By the end of the year, Cunningham was out of Congress and convicted of accepting at least $2.4 million in bribes. He was sentenced to 100 months in prison, in what was then the longest prison sentence ever given to a member of Congress. (The record was surpassed four years later when Rep. William Jefferson, D-La., was sent away for 13 years.)
Cunningham was released from federal prison in Tucson, Ariz., in February 2013 and then spent nearly four months in a halfway house in New Orleans. Last month, the former House member filed a request to be freed of all remaining restrictions on his freedom.
Burns granted the request last week. "The court believes that the concept of simple forgiveness should be part of the equation here," the judge wrote. "Forgiveness is a moral quality and a social good and is important to a system of restorative justice.... There comes a time to forgive."
He noted that Cunningham had served a long jail sentence and spent time in a halfway house and under house arrest. "Besides these direct consequences that he suffered for his illegal actions, he lost his home, his marriage, and his reputation. At some point, once justice has been served, the system must take care to avoid erecting roadblocks that might prevent an offender from reintegrating into society and becoming a productive and useful citizen again."
Burns did not minimize the severity of Cunningham's crimes. "There is no question that Mr. Cunningham's offenses were aggravated, involving serial corrupt acts and deception," he wrote, adding pointedly, "And the deception didn't end with the sentencing. Mr. Cunningham subsequently attempted to obstruct justice by submitting a false affidavit" in the trial of one of the contractors who had bribed him repeatedly. In the affidavit, Cunningham claimed there had been no bribes. Judge Burns said he "gave short shrift" to the affidavit, but he said Cunningham had "perpetuated his dishonest behavior by submitting it."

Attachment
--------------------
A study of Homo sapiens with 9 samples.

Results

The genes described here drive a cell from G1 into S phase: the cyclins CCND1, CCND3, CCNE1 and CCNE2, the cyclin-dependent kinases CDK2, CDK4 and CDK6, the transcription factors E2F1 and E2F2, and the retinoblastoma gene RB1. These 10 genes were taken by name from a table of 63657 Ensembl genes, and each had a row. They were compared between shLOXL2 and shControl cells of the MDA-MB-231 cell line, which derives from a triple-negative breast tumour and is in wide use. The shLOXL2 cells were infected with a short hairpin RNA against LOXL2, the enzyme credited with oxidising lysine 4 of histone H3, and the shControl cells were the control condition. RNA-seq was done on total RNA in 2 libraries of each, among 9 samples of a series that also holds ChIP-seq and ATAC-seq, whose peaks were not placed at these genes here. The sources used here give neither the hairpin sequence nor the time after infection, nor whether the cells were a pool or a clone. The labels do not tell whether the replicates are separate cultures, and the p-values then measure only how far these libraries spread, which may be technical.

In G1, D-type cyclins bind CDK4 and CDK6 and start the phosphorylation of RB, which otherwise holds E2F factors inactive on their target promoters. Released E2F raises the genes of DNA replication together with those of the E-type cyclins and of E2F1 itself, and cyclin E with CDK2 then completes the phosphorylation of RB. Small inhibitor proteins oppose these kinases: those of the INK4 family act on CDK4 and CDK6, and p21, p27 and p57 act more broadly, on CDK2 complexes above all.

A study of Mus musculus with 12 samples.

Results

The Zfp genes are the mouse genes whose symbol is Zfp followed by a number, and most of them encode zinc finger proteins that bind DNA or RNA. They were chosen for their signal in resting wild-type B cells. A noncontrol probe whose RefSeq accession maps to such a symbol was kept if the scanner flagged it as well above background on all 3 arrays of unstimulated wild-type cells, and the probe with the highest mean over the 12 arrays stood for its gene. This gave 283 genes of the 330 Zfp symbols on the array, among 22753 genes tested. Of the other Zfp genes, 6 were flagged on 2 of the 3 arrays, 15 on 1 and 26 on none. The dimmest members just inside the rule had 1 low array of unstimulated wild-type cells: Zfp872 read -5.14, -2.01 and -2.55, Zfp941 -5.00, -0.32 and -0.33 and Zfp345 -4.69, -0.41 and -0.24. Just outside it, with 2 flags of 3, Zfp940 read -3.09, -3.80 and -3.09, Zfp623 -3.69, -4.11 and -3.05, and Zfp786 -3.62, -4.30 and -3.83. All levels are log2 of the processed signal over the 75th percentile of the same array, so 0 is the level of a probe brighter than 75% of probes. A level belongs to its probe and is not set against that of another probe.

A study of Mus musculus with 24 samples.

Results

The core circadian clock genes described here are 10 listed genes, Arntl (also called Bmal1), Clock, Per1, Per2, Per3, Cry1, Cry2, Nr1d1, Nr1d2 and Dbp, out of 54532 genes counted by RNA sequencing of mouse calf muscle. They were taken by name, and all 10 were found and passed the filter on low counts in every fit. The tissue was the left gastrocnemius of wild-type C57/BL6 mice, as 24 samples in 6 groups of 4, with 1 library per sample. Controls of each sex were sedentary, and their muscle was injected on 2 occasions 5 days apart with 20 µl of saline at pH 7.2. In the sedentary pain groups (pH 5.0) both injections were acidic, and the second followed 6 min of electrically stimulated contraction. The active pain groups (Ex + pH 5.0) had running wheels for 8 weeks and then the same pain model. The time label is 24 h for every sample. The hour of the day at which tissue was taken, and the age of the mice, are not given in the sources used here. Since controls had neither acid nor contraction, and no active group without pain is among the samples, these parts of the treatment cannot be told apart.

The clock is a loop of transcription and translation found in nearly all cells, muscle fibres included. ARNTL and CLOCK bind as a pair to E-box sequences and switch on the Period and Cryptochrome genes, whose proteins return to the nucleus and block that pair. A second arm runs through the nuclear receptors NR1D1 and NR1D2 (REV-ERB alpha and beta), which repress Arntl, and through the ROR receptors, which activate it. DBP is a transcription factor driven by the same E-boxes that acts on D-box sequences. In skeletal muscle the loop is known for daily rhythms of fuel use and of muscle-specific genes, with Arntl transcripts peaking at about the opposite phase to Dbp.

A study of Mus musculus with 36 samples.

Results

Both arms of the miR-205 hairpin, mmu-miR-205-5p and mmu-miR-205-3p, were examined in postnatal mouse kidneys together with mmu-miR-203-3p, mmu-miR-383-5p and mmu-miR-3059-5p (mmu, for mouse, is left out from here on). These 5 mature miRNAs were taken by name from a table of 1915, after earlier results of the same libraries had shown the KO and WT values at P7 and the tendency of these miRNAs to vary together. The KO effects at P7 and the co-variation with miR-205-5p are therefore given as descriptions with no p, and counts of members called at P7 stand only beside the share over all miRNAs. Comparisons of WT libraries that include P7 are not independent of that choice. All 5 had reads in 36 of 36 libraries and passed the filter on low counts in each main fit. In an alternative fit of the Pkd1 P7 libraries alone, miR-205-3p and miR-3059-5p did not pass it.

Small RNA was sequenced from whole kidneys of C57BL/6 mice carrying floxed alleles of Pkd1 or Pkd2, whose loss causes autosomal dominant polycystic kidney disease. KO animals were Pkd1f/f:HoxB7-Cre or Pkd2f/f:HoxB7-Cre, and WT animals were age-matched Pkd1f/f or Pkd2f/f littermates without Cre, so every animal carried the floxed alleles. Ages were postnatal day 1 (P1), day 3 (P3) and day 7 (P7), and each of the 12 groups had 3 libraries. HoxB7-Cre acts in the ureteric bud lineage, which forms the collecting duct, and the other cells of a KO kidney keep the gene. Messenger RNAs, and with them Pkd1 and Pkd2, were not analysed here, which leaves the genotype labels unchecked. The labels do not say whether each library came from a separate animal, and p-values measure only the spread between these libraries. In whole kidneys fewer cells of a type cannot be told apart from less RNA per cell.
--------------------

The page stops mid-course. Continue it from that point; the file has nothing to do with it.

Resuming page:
Cunningham's request, filed on June 14 in U.S. District Court in the Southern District of California, provides the first real look at the life the former lawmaker has lived since his release from prison. The documents include a personal appeal from Cunningham as well as letters of recommendation from prison guards, a minister, a retired general, and neighbors. It even includes a picture of a beaming Cunningham holding two remarkably cute puppies.
The life he portrays is comfortable but far from his high-flying lifestyle as a member of Congress and a favorite on the Republican speaking circuit when he accepted gifts of tickets to concerts and sporting events from contractors and attended parties where prostitutes were present. After living in a halfway house and then in his brother's house in Little Rock, Ark., he said he has purchased a "modest" house in Hot Springs Village. A gated community in the foothills of the Ouachita Mountains, Hot Springs Village takes up 26,000 acres and boasts of a "fun-filled recreational lifestyle" with nine golf courses, 11 lakes, 24 miles of nature trails, 16 tennis courts, three swimming pools, and a five-star fitness center.